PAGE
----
Street Musician - Jazz - Leica Monochrom

Discussion in 'Black and White' started by dalethorn, Sep 14, 2013.

  1. dalethorn

    dalethorn Guest

    Focus by guess - trying to be discreet (f1.4, 1/90, ISO 800). Click small image to see original.


    entropic remnants Hall of Famer

    Mar 3, 2013
    John Griggs
    I'd like to see larger thumbnails posted? But nice work regardless. The Monochrom is one cool camera though outside my budget.
  3. Yeats

    Yeats All-Pro

    Jul 31, 2012
    New Jersey, USA
    Not a bad guess at focus - ya got a little in front of the musician - but still looks good. And those soft gray tones are lovely. :thumbup:
  4. pniev

    pniev Student for life

    May 13, 2013
    Welcome Dale,
    Beautiful tones. I bet it is a great camera to work with.
  5. dalethorn

    dalethorn Guest

    I too would like a larger thumbnail, but this is the only technique, using the existing thumbnail from the webpage, that works generically on a wide range of forums that don't auto-size the original.
  6. dalethorn

    dalethorn Guest

    Thanks! The camera and lens are like a 3-lb brick, and while it doesn't seem like much weight it's so dense and small that users will need strong wrists to hold it steady when shooting.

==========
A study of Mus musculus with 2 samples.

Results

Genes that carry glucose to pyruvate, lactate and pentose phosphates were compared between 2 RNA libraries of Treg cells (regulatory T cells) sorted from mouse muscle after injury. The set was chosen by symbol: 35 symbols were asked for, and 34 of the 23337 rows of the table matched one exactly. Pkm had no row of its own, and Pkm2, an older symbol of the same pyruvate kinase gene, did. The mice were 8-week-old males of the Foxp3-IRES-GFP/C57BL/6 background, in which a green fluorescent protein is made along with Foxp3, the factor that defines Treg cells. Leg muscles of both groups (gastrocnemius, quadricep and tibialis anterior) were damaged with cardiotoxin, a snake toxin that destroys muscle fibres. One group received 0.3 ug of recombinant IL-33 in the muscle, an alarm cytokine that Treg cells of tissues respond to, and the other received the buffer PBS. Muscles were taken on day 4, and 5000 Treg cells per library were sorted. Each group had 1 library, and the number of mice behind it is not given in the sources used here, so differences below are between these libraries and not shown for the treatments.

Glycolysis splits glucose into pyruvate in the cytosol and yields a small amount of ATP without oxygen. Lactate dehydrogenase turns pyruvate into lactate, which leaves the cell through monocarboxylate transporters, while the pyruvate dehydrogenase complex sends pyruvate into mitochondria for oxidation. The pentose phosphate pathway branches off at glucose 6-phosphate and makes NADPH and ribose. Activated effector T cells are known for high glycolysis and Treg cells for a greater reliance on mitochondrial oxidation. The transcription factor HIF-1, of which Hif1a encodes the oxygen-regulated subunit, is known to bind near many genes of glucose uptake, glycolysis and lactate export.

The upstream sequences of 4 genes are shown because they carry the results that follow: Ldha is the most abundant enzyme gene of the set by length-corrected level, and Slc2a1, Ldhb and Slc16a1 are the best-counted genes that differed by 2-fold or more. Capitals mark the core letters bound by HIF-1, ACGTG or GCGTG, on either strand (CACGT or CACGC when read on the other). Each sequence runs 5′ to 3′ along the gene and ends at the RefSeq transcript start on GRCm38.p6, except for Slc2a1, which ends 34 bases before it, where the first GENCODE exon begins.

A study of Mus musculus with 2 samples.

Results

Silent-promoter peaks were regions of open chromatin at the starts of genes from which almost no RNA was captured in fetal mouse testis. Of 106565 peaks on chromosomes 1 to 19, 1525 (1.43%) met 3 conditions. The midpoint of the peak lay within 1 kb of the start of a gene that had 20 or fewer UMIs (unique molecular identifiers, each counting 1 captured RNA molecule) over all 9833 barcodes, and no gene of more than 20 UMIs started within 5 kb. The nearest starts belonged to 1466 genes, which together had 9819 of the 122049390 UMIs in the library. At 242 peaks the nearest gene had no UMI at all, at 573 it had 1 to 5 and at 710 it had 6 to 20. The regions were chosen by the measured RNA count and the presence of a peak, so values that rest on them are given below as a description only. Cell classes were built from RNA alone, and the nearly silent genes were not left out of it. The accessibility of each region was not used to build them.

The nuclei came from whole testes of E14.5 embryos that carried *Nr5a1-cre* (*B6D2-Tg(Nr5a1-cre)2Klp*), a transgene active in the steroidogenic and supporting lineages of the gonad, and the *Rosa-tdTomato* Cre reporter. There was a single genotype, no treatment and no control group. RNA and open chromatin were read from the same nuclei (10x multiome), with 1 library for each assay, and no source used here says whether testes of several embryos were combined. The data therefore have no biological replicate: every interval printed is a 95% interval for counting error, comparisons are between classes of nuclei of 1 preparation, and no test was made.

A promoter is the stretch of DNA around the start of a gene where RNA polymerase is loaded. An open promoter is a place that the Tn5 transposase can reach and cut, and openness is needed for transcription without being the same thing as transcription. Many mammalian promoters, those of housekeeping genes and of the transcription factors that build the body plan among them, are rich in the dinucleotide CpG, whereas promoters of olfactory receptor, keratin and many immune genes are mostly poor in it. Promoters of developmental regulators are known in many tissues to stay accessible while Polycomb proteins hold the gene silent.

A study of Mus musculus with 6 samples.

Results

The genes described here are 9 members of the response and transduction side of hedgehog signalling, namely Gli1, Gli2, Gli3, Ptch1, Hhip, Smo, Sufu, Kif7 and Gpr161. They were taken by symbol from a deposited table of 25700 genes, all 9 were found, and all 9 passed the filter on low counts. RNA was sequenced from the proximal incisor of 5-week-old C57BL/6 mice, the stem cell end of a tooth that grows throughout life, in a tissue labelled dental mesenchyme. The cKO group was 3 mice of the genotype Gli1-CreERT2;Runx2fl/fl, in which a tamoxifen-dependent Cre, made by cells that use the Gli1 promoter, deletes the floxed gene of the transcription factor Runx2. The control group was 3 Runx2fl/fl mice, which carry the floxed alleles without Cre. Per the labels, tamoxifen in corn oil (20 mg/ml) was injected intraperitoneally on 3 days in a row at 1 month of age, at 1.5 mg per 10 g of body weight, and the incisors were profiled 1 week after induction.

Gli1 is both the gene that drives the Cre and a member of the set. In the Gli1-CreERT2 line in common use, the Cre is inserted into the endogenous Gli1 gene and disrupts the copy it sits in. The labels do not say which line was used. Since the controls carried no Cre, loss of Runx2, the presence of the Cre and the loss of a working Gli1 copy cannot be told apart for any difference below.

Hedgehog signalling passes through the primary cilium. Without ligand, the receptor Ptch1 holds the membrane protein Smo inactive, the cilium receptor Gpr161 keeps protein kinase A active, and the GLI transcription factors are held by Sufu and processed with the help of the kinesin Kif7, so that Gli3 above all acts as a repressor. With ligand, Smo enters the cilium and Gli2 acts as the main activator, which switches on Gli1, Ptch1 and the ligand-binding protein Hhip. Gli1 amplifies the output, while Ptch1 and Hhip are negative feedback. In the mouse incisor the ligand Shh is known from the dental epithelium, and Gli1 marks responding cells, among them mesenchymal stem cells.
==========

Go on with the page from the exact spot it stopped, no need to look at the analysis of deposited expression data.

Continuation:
7. wt21

    wt21 Hall of Famer Subscribing Member

    Aug 15, 2010
    Like it lots. The slightly OOF effects works very nicely, IMO. I also like the tonality of the B&W. This was shot with the Leica monochrome?
  8. dalethorn

    dalethorn Guest

    Monochrom and Noctilux. Even though the newer 0.95 lens was supposed to be clearer and suffer less with softness issues, it contributes softness to the look such that I can't separate perfect focus from lens softness unless the focus is far enough off. The DOF at f0.95 at 15 feet approximate is extremely thin.
  9. dalethorn

    dalethorn Guest

    It's probably dangerous to describe how I processed this since it will show my ignorance, but what the heck: Images come out of the camera as regular RGB, and if they need adjusting I make them mono only (single layer), get the local and general contrast right, then flop them back to RGB for any toning that might look better. Unlike color images, the flop to single layer and then back to RGB has no effect at all on the resolution or other factors that's visible at 100 percent.

    Edit: I purchased one b&w effects program and ran a dozen or more images through the 30 or so sample filters, and didn't like any of them. So I've stuck with manual editing only.